Is it OK to be tolerant of gays but be proudly heterosexual?
Were I recently fired university professor Dr Brendan Bain, I would sue the University of the West Indies (UWI) for every penny that backward-thinking institution doesn't have.
The professor was fired for completing an affidavit used in a court case in Belize in which Caleb Orozco, a gay man, challenged the constitutionality of an 1861 law that criminalises men having sex with men.
From what I have read, empirical evidence would suggest that men who have sex with men have a much greater risk of contracting HIV than those who only indulge in 'normal' sex, that is, a man with a woman, the way sex, especially for procreation (but also recreation), was designed.
Hey, does it take a highly trained doctor to make such a declaration, seeing that unprotected sex in such a despicably foul environment as the anus, a passage meant strictly for defecation, is the perfect place to harbour bacteria, viruses and to the layman, just plain 'germs'?
The increasingly intolerant but very powerful gay lobby wants everyone to be tolerant of their lifestyle, which, as far as I am concerned, is their private business. The drawback is, mere tolerance of their purely recreational romp is not what they seek. What they really want is total silence from every heterosexual while they reserve the right to hit the podium and shoot down every person speaking up in favour of being 'normal'.
Apparently their discontent is that we heterosexuals are miserably failing to see the gay lifestyle as the new normal, so they continue to huff and puff and throw powder puffs, sticks and stones at everyone who fails to come out in support of them.
Riding on the misconception that Jamaica is a violently homophobic place, gays and the gay lobby continue to sidestep the reality that in excess of 90 per cent of violent acts against homosexuals are perpetrated by other homosexuals.
Tolerance for homosexuals has increased rapidly in Jamaica and even in my case, it was just about 15 years ago that I was against the repeal of the Buggery Act. Now, I am in favour of the State allowing men to do whatever they want to do with each other in the privacy of their bedrooms. I have no business peeping through people's keyholes, and I do not want anyone to spy on me when I close my bedroom door.
There are openly gay prostitutes parading in New Kingston at nights in some of the most outrageously foppish outfits, and in the past I have been propositioned. Did I hurl abuse at the gay prostitute? No, I found it quite comical and simply walked away to ponder the new reality of the Jamaica that had taken off in new directions.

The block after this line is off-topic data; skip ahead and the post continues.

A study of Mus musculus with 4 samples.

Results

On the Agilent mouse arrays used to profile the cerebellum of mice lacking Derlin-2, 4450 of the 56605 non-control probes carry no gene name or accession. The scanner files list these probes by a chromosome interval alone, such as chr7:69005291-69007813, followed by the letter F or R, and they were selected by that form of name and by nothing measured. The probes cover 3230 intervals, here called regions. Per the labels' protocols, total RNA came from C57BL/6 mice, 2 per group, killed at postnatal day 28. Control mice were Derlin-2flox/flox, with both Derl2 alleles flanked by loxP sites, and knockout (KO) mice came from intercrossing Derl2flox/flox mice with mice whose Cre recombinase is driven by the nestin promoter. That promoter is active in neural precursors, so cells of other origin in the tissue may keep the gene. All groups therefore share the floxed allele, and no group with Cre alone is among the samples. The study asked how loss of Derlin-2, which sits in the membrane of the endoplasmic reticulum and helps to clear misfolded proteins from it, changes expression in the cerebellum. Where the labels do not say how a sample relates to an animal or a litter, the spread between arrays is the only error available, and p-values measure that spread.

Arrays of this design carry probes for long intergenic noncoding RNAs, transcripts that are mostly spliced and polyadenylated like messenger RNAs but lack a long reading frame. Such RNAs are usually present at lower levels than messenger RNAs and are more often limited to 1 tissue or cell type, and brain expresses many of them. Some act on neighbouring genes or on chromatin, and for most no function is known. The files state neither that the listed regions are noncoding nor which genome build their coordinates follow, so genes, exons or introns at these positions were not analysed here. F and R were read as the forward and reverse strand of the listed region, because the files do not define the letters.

Many civil society organisations that have used the gay issue in Jamaica as a human rights issue will, every so often, make their convenient noise on behalf of gays, not necessarily because the community is being wronged, but mostly because powerful, cash-rich North American and Western European groups fund them. It's all about the greenback.
Professor Bain must take out suit or be given back his job. It is no secret that may powerful organisations in Jamaica are peopled with homosexuals in key positions, but because they still cannot 'come out' in a Jamaica that is not ready for that radical culture shock, they use the lobby of their powerful friends abroad to bring pressure to bear on our local players.
Prime Minister Portia Simpson Miller, in her previous role in 2011 as opposition leader, opened a can of worms when she promised that a government formed by her would 'look at' the Buggery Act. Why did she do it, considering Jamaica's culture? Was that predicated on some powerful gay lobby group pumping significant funding into the People's National Party while it was on the hustings?
If tolerance has its limits, the recent pressure which brought about the firing of Bain will show us that when we bend too far backward to facilitate a group and a lifestyle that wants more than total acceptance, a little bit of 'useful intolerance' is not a bad thing.
The gay lobby wants to make noise while it wants us to embrace the lifestyle but shut up while doing so if praise for them is too hard a call to make.